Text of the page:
For All The Fucked-Up Children of This World
By Peter Kember.
Erik Morse, Dreamweapon, Omnibus Press, March 2004
My reaction to hearing that Dreamweapon was being written was that it was the third person who’d wanted to write such a book, but I could tell Erik was serious from the start. Knowing that he’s a protegé of Victor Bokris gave me enough faith in the project to help him as much as possible. I think Erik has got to grips with Spacemen 3’s influences and sound, though while much of it is his own interpretation, he’s been very thorough in his research.
Certain embittered ex-members would have you believe that I’m somewhere twixt Hitler and Genghis Khan, but Erik, I think, recognised that there needed to a driving force, giving direction and that many of the roles I took on early on for necessity, management for instance, were thankless tasks. But readers will have their own interpretations.
Erik uncovered some unpalatable opinions during the course of his research — many showed their true colours — how can you work with and pretend to be friends with someone who you later dismiss as a talent-less dictator? Having read these sort of books before, I’m well aware of the whingings and bitterness of minor members of bands, who are always the “over-looked” talent, they claim. That said, it’s a very well-researched book.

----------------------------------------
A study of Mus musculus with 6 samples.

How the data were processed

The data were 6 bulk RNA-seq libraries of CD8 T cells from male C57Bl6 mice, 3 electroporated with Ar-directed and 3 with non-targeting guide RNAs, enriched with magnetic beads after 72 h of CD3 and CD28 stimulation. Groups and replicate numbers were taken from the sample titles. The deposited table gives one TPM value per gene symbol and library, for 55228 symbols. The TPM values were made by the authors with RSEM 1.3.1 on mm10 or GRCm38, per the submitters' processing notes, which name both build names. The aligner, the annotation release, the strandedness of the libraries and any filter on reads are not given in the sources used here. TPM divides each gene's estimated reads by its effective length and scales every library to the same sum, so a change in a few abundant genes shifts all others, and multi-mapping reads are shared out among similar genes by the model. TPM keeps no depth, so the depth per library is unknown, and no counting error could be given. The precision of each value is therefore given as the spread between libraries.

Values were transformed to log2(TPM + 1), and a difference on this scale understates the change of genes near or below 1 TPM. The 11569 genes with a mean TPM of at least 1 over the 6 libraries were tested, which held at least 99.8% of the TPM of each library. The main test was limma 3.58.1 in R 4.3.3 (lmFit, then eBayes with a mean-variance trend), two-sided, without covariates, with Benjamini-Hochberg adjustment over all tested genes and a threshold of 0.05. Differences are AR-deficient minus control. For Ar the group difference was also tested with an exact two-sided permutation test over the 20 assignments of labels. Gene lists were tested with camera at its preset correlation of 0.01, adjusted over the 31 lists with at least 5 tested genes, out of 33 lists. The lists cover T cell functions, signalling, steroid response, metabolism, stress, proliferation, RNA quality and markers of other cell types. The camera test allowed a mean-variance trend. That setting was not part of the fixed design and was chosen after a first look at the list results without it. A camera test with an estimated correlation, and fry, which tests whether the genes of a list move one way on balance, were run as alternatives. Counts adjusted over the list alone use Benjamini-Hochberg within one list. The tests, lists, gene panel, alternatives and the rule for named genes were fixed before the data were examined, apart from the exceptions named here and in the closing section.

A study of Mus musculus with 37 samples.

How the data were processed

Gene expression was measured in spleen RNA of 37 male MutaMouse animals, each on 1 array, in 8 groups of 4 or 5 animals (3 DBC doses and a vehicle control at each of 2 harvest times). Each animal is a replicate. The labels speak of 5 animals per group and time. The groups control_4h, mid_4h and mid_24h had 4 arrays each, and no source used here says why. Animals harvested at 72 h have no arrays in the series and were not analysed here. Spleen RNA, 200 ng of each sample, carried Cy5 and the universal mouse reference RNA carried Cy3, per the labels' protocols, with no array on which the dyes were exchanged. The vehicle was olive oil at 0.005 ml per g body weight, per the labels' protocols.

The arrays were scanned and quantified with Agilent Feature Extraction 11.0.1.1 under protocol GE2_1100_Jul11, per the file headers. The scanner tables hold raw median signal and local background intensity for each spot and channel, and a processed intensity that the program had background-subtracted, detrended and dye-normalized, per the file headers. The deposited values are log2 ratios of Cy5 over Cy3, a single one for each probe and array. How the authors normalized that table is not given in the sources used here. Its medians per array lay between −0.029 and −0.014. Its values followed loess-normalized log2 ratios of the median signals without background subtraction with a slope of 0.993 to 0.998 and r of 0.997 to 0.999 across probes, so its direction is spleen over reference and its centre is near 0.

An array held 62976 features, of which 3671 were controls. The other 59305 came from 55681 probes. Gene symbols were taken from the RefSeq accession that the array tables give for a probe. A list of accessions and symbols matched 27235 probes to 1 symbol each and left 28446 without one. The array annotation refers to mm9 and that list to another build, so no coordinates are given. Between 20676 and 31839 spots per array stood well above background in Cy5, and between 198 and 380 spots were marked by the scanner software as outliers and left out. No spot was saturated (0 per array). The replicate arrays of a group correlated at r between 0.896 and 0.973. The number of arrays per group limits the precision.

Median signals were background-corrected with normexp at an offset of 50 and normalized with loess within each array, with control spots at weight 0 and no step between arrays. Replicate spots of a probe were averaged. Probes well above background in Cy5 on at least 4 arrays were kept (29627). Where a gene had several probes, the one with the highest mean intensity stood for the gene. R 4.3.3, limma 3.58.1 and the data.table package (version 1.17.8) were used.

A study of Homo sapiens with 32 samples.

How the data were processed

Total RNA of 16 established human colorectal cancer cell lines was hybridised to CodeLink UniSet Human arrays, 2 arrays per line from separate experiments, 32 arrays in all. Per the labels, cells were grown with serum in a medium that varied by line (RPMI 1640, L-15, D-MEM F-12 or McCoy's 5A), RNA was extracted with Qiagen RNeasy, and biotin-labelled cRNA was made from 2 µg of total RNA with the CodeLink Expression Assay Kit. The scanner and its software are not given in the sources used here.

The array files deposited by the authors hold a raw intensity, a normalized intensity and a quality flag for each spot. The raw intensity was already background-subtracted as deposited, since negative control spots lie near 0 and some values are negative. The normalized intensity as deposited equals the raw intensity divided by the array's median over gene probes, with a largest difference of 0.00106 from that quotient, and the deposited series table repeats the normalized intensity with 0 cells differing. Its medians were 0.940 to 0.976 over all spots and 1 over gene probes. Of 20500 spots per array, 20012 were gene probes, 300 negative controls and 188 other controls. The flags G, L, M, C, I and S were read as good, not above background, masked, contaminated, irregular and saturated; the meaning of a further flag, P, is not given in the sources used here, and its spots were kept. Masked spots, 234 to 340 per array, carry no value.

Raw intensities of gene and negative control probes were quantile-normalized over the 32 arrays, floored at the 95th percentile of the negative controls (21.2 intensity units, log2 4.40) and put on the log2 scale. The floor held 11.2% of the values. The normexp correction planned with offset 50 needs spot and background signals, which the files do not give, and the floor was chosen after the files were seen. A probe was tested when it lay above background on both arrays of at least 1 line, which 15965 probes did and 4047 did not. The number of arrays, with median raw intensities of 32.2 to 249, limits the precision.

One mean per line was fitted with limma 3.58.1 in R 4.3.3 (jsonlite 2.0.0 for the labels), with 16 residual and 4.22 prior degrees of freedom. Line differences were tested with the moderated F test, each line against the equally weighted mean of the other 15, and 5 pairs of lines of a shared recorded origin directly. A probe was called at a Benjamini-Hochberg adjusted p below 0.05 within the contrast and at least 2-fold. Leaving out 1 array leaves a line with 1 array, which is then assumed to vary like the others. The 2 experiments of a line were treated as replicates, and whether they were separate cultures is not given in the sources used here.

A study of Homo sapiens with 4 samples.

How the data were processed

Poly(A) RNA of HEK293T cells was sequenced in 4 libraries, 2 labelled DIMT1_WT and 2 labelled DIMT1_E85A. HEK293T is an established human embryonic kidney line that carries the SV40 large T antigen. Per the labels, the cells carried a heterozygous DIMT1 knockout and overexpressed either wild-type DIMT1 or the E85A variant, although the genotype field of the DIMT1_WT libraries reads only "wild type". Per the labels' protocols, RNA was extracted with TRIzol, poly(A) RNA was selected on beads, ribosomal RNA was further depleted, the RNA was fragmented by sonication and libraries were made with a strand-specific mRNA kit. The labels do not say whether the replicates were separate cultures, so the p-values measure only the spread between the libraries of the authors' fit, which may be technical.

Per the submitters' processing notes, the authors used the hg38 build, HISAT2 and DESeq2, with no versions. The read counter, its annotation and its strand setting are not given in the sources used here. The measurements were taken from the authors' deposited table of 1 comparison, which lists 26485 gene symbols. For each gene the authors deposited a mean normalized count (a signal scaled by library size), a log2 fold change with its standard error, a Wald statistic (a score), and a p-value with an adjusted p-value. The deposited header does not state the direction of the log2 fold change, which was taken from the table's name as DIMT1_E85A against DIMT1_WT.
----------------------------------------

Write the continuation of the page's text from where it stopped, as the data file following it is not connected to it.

Dreamweapon was originally intended to be a Spiritualized book, until Erik realised that Jason wasn’t a person with much to say. He’d be the first to complain that Spacemen 3 was very much based around my ideas and manifesto. Some think that Spiritualized’s new sound and the re-emergence of interest in Spacemen 3 from many of the newer bands, is something of a reawakening of interest in S3. I saw Jason live in LA on the tour, it was less rocky than Spacemen days, with 10 people on stage. It was OK, but not a patch on what we were capable of. I sent Jason a note — a peace offering with my new email, phone and address — but nothing so far. I would actually very much like to work with him again. We were kids, expected to be adults. We fucked up. I think there was good chemistry between us musically — I don’t think it’s gone anywhere.
Anyhow, read the book.
ABOUT THE REVIEWER
Peter Kember (AKA Sonic Boom) lives in Rugby, England and has performed in Spacemen 3, Spectrum and solo as Sonic Boom, as well as stints in Stereolab and Yo La Tengo. His website is here, where his records and merchandise can be obtained.
First published in 3:AM Magazine: Saturday, April 10th, 2004.